Older patients face medical risks as coordination between municipalities and regions is failing. Clearer central government instructions regarding these types of collaborations are necessary, according to Paula Blomqvist and Ulrika Winblad in a new SNS report.
Elderly individuals requiring both regional and municipal health care services may result in situations in which no party takes overall responsibility. Despite years of seeking to improve this situation and despite the fact that these problems became particularly evident during the pandemic, this risk remains, write Paula Blomqvist and Ulrika Winblad in the SNS report Coordinating care of the multimorbid elderly in Sweden – lessons learned from practice and research. There has been an increase in terms of multimorbid elderly patients being readmitted to hospitals in an unplanned manner. And, the authors highlight, while there is a law on so-called coordinated individual planning (SIP), such coordination does not always materialize.
“In addition to stress and anxiety, poor coordination also poses medical risks to patients. This also represents a socio-economic problem, as it often leads to an increased need for hospital care,” says Paula Blomqvist, professor of political science.
In the report, the researchers examine Swedish experiences and international research in the field. They find that collaboration reforms may have positive effects, primarily in terms of patient satisfaction and accessibility. However, they also find that staff shortages appear to be one of the greatest obstacles to successful collaborations. While there is a need for more physicians in municipal activities, there are not enough general practitioners in the regions. There is also a shortage of nurses and other medical staff in municipal health care services.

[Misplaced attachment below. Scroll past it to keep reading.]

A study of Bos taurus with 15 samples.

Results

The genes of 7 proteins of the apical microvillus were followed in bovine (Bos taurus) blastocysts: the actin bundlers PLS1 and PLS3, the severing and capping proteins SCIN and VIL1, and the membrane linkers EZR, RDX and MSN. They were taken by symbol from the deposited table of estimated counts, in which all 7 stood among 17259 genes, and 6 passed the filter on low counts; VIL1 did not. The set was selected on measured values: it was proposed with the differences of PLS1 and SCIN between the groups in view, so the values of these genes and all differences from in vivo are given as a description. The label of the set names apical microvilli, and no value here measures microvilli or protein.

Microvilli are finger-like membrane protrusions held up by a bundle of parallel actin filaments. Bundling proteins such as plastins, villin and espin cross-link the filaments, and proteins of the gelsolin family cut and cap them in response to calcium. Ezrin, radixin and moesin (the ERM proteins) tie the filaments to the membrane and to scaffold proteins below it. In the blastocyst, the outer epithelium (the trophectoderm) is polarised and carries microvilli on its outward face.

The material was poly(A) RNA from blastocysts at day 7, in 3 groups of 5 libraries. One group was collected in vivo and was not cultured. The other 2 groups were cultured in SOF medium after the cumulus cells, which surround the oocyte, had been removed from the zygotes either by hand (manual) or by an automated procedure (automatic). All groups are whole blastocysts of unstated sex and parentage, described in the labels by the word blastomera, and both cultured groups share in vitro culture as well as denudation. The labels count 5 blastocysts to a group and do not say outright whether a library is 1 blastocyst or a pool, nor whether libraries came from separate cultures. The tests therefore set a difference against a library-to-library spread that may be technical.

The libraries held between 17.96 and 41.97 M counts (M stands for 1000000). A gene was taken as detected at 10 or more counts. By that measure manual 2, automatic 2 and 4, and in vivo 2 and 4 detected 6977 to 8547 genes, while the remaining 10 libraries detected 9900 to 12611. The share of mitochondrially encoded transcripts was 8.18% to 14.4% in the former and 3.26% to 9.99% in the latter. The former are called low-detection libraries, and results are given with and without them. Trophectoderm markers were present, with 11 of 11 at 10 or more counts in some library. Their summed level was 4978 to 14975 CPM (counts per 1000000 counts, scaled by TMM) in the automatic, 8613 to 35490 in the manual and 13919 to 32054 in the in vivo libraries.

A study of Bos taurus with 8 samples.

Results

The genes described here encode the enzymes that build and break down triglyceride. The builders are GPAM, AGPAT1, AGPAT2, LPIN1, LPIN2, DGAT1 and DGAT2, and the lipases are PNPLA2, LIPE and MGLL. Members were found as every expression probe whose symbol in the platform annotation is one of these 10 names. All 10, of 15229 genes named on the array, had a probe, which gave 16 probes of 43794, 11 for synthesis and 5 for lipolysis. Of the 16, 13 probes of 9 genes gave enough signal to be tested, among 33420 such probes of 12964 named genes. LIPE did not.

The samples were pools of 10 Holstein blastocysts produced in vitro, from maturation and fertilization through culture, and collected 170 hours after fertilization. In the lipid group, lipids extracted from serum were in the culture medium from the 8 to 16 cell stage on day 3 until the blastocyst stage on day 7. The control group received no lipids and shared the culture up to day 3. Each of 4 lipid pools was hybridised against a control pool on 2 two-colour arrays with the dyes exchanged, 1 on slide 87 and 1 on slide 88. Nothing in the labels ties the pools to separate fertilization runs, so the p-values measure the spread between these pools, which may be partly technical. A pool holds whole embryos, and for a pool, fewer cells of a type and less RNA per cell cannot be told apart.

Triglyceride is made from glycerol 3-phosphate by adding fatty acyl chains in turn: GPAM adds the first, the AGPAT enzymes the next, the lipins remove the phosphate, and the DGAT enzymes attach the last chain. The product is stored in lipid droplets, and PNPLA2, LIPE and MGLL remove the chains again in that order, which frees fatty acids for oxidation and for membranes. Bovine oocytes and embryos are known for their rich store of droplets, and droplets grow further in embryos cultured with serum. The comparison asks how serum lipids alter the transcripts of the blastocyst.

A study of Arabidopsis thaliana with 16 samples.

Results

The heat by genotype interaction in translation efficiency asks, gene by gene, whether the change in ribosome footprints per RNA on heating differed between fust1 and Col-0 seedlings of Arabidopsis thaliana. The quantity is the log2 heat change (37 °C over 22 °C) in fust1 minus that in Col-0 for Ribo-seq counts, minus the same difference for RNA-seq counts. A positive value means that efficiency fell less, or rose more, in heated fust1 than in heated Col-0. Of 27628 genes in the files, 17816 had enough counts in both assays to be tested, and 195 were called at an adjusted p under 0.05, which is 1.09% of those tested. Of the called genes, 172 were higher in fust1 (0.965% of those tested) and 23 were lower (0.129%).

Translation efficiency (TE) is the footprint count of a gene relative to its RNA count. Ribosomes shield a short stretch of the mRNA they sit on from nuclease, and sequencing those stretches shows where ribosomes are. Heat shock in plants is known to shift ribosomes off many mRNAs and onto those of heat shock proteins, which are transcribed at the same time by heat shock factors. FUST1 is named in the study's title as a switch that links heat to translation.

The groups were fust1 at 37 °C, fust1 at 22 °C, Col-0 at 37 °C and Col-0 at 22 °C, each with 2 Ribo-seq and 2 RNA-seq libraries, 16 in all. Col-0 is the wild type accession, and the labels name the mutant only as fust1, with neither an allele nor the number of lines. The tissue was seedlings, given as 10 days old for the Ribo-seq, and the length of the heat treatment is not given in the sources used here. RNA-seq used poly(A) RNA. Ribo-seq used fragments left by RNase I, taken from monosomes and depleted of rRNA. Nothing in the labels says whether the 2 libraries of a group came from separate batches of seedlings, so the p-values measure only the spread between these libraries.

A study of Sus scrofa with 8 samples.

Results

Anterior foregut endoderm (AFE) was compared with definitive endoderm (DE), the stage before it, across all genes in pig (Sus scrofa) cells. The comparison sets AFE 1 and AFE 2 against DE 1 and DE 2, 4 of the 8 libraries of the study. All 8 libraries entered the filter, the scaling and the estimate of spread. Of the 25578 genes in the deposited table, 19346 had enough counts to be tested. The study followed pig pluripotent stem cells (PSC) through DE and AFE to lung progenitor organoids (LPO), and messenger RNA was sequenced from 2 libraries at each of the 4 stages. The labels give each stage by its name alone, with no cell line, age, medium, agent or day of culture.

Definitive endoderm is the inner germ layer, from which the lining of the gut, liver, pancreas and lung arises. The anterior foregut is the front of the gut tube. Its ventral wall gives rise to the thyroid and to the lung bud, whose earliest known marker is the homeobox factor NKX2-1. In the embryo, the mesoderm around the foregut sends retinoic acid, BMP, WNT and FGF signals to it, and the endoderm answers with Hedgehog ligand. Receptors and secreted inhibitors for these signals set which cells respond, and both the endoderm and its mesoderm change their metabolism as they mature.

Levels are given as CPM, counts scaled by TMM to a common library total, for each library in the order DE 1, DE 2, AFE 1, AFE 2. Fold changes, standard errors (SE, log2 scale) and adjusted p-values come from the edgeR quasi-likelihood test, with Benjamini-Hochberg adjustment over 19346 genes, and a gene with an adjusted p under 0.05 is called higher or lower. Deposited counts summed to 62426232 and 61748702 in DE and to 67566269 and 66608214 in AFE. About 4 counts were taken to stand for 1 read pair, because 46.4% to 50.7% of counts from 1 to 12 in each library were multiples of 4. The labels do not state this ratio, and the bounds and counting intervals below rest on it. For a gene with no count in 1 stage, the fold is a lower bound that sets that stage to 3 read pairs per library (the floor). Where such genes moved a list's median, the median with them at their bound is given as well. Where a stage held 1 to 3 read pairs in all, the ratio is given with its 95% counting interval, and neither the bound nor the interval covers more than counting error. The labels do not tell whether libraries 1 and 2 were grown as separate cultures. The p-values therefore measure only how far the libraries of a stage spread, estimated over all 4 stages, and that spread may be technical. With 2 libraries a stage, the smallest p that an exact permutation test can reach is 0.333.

“Strengthening medical expertise in municipalities is crucial for ensuring that more elderly individuals receive help on time at the right level of care. We also see that primary care services do not have the necessary capacity to meet the health care needs of multimorbid older patients,” according to Ulrika Winblad, professor of health services research.
Blomqvist and Winblad also want clearer central government instructions on collaborations between the various actors in health care. Legislation in this area states that they should collaborate but does not say anything about how. As a result, a number of local models have been developed that are difficult to survey and evaluate. In addition, the follow-up performed by government agencies and organizations is largely based on what is described as good examples. This leads to unclear instructions, according to the researchers of the report, who call for more exact guidelines.
About the authors
Paula Blomqvist is a professor of political science at Uppsala University.
Ulrika Winblad is a professor of health services research at Uppsala University.